100 Love Sonnets = Cien sonetos de amor

by Pablo Neruda

Other authorsStephen Tapscott (Translator)
Paper Book, 1986





Austin: University of Texas Press, 1986.


"The happiness I feel in offering these to you is vast as a savanna," Pablo Neruda wrote his adored wife, Matilde Urrutia de Neruda, in his dedication of One Hundred Love Sonnets. Set against the backdrop of his beloved Isla Negra, these joyfully sensual poems draw on the wind and tides, the white sand with its scattering of delicate wildflowers, and the hot sun and salty scent of the sea to celebrate their love. Generations of lovers since Pablo and Matilde have shared these poems with each other, making One Hundred Love Sonnets one of the most popular books of poetry of all time. This beautifully redesigned volume, perfect for gift-giving, presents both the original Spanish sonnets and graceful English translations.

User reviews

LibraryThing member ohjanet
Oh Pablo, you woo me in English, if only I could comprehend you in Spanish. Alas.
LibraryThing member Booktacular
Neruda has had some of the strongest influence on how I think about language when I'm writing, and it all spawned from this bright pink book that I bought in Boulder, CO during an ill-fated ski trip during college. Turns out being somewhat "duck-footed" makes it difficult to ski. But despite the

I have since read other translations that I liked better, but this is still the one that started it all for me, so it holds an oddly special place in my heart. I even used an equally bright pink highlighter to mark this book up, so I can tell you that, at the time of my initial readings of this book circa 2000, my favorites were numbers 11, 17, 27, 39, 40, 45, 78, 85, 89 (morbid as it is). I couldn't name as many favorites at this point, but I'd say half would remain the same and half would be something different. Which ones? I'll never tell.

Neruda uses words and phrases that always gave me the impression that I was momentarily understanding the way another person saw the world with their eyes. I always felt there is a deep empathy imbedded in the language. That is what I love about Neruda.
This is simply one of the most beautiful, readable books of love poetry in the world. Even people who hate poetry will love Neruda.
LibraryThing member robertmorrow
The most beautiful love poems in any language.
LibraryThing member fueledbycoffee
I came across a bookstore end-cap, beautifully set up and displayed for Valentines Day.

(read: lovey-dovey red and pink books, hearts, flowers, and time for your sugar coma)

It reminded me of this book because when it comes to romantic poetry, Pablo Neruda is the man...and well, this book was one of

This was a reread but still as beautiful as the first time I read it. In Spanish and English bilingual presentation, this is a wonderful mix of sex on ink and paper, subtle, tender as a look, sweet as a first kiss. It's a blend of meanings and words: passionate, risk, feeling, deep-searing, timeless, a whisper, something wild. Something for everyone.
As my fourth Neruda poetry collection, 100 Love Sonnets is undoubtedly lacking compared to Twenty Love Poems and a Song of Despair, The Captain’s Verses, and Full Woman, Fleshly Apple, Hot Moon. Akin to intimacy and body landscapes among Gerard Schlosser’s paintings, Neruda paints love in a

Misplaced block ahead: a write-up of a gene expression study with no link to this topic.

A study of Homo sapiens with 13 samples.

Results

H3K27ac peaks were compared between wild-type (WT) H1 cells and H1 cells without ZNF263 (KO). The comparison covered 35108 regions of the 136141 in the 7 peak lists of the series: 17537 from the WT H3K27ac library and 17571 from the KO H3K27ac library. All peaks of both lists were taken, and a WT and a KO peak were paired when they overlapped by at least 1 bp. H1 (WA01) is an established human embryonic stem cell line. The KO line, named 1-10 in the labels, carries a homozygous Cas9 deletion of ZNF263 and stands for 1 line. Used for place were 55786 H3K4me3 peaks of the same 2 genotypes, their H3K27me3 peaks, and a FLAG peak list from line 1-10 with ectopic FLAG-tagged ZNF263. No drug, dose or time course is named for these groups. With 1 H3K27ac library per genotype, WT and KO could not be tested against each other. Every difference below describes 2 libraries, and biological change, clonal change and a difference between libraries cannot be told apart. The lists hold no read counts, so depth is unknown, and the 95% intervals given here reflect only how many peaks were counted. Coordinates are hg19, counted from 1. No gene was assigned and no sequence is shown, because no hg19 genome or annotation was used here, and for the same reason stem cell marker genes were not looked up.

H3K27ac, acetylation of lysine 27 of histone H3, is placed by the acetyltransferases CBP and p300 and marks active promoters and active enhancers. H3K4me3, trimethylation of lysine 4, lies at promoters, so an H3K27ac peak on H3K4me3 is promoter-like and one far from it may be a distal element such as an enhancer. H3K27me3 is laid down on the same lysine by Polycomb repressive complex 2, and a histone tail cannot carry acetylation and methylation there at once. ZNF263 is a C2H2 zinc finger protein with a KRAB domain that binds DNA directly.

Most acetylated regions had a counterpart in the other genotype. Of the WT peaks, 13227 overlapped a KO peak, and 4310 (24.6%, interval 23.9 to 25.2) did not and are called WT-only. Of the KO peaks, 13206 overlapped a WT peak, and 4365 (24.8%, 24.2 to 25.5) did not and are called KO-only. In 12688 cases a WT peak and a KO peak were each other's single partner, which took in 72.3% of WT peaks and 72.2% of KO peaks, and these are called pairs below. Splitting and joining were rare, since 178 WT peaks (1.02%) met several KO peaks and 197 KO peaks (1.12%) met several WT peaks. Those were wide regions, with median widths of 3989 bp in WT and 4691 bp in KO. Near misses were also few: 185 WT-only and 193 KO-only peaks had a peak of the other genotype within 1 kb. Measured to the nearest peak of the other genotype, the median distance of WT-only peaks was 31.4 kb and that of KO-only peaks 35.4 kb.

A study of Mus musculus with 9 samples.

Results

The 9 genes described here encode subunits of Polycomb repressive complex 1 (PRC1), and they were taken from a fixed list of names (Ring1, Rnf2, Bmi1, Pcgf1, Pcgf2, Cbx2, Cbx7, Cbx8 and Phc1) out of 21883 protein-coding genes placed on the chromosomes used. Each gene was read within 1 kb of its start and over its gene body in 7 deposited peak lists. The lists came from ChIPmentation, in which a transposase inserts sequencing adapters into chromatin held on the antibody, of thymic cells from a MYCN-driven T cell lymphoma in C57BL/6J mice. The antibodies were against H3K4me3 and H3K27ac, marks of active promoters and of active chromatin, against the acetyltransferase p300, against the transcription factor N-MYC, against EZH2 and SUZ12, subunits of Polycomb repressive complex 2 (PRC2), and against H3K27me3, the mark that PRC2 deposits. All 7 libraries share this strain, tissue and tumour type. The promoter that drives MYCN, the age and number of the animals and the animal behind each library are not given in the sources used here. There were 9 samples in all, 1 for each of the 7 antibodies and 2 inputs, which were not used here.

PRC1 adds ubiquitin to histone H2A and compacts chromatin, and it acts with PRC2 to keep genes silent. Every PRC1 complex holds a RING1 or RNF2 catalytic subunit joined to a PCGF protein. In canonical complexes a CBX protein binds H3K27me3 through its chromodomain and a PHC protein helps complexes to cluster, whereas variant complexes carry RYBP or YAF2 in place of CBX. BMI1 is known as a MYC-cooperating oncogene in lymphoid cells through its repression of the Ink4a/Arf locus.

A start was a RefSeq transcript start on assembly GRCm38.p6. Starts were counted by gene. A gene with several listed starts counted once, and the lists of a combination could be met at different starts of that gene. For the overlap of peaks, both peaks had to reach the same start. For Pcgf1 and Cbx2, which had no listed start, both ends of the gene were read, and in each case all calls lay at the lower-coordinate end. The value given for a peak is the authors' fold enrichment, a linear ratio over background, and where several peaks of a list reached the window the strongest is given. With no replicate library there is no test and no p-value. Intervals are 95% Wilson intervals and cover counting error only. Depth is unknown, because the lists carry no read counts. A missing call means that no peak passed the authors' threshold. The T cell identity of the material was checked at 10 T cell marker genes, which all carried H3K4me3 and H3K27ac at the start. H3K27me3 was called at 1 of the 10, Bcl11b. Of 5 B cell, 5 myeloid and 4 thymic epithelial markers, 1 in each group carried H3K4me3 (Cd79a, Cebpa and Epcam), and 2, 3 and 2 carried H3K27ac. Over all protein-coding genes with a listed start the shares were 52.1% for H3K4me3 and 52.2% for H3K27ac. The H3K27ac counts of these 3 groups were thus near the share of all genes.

Overall, I bookmarked 15 sonnets in this collection. And as a passionate lover of bread, I was very amused by a particular sonnet that declares a beloved as made of bread. I don't think anything can be as sensual as this:

The light that rises from your feet to your hair,
the strength enfolding your delicate form,
are not mother of pearl, not chilly silver:
you are made of bread, a bread the fire adores.

The grain grew high in its harvest of you,
in good time the flour swelled;
as the dough rose, doubling your breasts,
my love was the coal waiting ready in the earth.

Oh, bread your forehead, your legs, your mouth,
bread I devour, born with the morning light,
my love, beacon-flag of the bakeries:

fire taught you a lesson of the blood;
you learned your holiness from flour,
from bread your language and aroma.


Two sonnets I dearly loved:

I do not love you except because I love you;
I go from loving to not loving you,
From waiting to not waiting for you
My heart moves from cold to fire.

I love you only because it's you the one I love;
I hate you deeply, and hating you
Bend to you, and the measure of my changing love for you
Is that I do not see you but love you blindly.

Maybe January light will consume
My heart with its cruel
Ray, stealing my key to true calm.

In this part of the story I am the one who
Dies, the only one, and I will die of love because I love you,
Because I love you, Love, in fire and blood.

Matilde, where are you? Down here I noticed,
under my necktie and just above my heart,
a certain pang of grief between the ribs,
you were gone that quickly.

I needed the light of your energy,
I looked around, devouring hope.
I watched the void without you that is like a house,
nothing left but tragic windows.

Out of sheer taciturnity the ceiling listens
to the fall of the ancient leafless rain,
to feathers, to whatever the night imprisoned;
so I wait for you like a lonely house
till you will see me again and live in me.
Till then my windows ache.


Others sonnets worth mentioning:
Sonnet VIII
Sonnet XVI
Sonnet XVII
Sonnet XLIX
Sonnet LXXXI
I am truly, deeply in love with this selection of poems. Anyone who is a fan of all of the shades and colors of love and poetry, itself, should consider picking up a copy.